In Russia's Oil-Rich Bashkortostan, Site Of The Upcoming BRI
UFA, Russia --In a large restaurant overlooking a snowy Soviet-era horseracing track, a noisy birthday party for a young girl is under way. Outside, it's the harsh Russian winter. Inside, the guests are feasting on traditional dishes ofBashkortostan, a federal “subject” of Russiaof which Ufa is the capital. Some still have their coats on as they glance between the slices of horsemeat on their plates and the horses being trained on the frozen track of the Akbuzat Hippodrome beyond the windows.
At one table, a local government official is enjoying kumys, the fermented mare's milk that is the traditional drink of the Bashkirs. As a gaggle of children crowd around a clown, he smiles. Kids are everywhere. “The president ofBashkortostan,Rustem Khamitov, likes to stress that we live in a young republic. The regions within Russia with a large Muslim population like Daghestan and Chechnya tend to have some of the highest birthrates in the Russian Federation,” he muses. But Bashkortostan, also known as Bashkiria, has another thing going for it: oil.
Since Soviet times, oil has been the economic mainstay of this region on the edge of Siberia. An official with Bashneft, the republic's biggest petroleum company, estimates that 20 percent of Bashkortostan’s revenues come from Bashneft in taxes.
Russia is keen to promote Ufa, which will host the upcoming BRICS summit, as an investments destination, and it has much to offer in that regard. (The BRIC nations are Brazil, Russia, India, China and South Africa.) But the one threat to realizing Bashkortostan's full potential is terrorism, which is linked to rising Muslim extremism.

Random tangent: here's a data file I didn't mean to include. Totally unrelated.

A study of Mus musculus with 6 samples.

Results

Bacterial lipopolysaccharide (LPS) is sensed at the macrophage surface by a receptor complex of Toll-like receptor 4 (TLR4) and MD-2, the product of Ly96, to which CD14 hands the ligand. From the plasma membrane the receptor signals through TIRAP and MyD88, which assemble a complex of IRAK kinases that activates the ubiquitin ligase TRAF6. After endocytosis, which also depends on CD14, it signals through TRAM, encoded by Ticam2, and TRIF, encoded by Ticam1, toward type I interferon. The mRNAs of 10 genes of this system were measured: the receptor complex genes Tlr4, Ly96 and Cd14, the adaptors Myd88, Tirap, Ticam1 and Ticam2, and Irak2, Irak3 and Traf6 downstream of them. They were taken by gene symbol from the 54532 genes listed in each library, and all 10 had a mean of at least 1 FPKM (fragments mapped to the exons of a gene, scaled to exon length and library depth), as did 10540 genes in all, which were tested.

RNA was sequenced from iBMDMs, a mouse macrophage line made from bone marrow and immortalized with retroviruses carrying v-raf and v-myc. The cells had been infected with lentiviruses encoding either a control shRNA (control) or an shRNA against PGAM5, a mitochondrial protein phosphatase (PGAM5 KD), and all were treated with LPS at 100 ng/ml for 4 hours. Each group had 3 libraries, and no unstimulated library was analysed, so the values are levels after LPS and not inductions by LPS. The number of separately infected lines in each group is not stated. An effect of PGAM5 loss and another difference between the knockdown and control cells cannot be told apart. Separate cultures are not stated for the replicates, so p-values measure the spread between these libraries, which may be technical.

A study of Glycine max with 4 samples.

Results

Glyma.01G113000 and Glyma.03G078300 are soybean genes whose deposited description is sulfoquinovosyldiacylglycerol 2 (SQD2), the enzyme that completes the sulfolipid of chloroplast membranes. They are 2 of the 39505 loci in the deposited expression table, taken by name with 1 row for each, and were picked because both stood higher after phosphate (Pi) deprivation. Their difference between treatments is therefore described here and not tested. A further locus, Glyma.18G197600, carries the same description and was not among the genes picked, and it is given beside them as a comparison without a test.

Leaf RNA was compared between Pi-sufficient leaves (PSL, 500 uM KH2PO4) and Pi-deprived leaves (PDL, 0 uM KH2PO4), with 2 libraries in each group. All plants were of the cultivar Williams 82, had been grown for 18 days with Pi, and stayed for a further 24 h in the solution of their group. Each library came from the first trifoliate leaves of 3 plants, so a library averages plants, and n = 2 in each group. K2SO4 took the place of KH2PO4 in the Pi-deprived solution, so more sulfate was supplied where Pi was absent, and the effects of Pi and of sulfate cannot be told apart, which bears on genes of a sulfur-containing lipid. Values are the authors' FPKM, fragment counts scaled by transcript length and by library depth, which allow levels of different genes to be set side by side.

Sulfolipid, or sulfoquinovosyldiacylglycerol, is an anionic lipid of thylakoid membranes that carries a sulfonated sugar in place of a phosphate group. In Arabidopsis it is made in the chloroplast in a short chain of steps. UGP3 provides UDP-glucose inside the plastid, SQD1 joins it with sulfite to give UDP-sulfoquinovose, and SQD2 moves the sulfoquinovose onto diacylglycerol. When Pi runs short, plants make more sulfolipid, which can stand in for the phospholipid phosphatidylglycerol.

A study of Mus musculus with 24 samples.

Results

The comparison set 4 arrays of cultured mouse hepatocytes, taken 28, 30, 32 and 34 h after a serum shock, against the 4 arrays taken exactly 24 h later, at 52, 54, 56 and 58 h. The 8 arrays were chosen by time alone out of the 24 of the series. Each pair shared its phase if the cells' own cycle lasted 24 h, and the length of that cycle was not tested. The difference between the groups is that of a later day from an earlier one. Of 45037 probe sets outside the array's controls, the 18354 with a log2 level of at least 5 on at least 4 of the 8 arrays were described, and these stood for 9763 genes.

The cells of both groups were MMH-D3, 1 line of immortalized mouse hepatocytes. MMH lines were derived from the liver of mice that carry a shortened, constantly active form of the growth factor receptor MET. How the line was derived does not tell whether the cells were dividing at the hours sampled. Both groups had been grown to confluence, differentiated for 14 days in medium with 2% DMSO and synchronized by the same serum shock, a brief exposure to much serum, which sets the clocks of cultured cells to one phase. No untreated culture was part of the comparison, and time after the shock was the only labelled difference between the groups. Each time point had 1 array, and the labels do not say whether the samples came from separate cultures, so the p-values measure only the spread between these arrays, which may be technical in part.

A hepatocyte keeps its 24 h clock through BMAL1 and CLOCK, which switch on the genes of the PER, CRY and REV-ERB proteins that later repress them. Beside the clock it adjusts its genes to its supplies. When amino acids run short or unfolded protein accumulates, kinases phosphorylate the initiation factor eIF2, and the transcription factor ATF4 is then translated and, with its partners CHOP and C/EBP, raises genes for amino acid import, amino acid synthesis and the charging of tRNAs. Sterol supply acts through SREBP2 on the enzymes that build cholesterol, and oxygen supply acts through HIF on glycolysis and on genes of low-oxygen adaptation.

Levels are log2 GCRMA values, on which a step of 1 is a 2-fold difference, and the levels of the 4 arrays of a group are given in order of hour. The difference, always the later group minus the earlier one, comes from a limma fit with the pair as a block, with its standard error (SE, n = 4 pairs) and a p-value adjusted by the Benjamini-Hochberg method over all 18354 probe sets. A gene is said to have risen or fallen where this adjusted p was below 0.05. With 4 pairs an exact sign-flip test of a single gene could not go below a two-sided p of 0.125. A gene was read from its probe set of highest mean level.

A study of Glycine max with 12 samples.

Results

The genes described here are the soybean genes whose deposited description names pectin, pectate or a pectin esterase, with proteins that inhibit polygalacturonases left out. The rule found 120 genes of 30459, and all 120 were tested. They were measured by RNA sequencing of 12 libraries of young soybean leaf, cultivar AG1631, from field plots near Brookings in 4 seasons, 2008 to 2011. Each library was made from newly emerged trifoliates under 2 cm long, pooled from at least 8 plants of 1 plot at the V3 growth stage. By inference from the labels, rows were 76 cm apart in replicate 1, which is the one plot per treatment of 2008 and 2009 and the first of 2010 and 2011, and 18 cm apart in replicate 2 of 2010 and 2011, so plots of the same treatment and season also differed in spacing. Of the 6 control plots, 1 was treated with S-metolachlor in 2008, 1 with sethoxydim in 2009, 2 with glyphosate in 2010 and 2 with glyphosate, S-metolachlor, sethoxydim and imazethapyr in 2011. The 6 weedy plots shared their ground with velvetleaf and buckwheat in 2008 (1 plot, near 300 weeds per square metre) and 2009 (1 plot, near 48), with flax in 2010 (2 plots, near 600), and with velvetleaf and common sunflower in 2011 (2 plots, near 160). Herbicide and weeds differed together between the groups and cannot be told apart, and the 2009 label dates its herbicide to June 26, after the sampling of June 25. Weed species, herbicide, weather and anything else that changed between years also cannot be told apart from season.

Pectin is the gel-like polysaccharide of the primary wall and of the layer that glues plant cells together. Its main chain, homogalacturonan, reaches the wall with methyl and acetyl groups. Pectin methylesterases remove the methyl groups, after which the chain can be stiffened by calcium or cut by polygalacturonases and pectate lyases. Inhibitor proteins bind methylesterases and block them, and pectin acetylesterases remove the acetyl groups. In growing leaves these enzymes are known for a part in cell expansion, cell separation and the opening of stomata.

Potential For Development
A few years ago, the growth potential for Bashneft – the company produced 15.4 million tons of oil in 2012 -- attracted Russian billionaire tycoon Vladimir Yevtushenkov, whose holding company AFK Sistema OAO (MCX:AFKS) now owns the majority of Bashneft shares.
Bashneft is expanding, upgrading its refineries and venturing outside Bashkortostan, with the exploration of an oil bloc in Iraq acquired last year. In September, Reuters reported that Bashneft, one of the few oil companies in Russia to remain outside the control of the government, was considering a listing on the London stock exchange.
In June, Moody's Investors Service upgraded the credit rating of Bashkortostan from Ba1 to Baa3, meaning it now considers its bonds to be investment-grade, not junk. The region's growing importance is reflected in the international airlines flying to it: Turkish Airlines, Fly Dubai and Air Arabia have joined a host of regional carriers and Russia’s Aeroflot in servicing Ufa.
These developments are a positive for President Rustem Khamitov, an engineer who was appointed by Russia in 2010 to succeed the first president of post-Soviet Bashkiria, Murtaza Rakhimov, who fell out of favor in Moscow and was apparently forced to step down. Khamitov has chosen a technocratic and moderately reformist course, with a focus on foreign investment that has helped attract Western businesses to Ufa, including an Ikea furniture outlet and a Baskin-Robbins ice cream store -- though the unit of Dunkin Brands Group Inc. (NASDAQ:DNKN) may find that frozen treats are a tough sell in a city where the average daytime temperature is -10 degrees Celsius (around 13 degrees Fahrenheit) in December, and just above freezing for the year.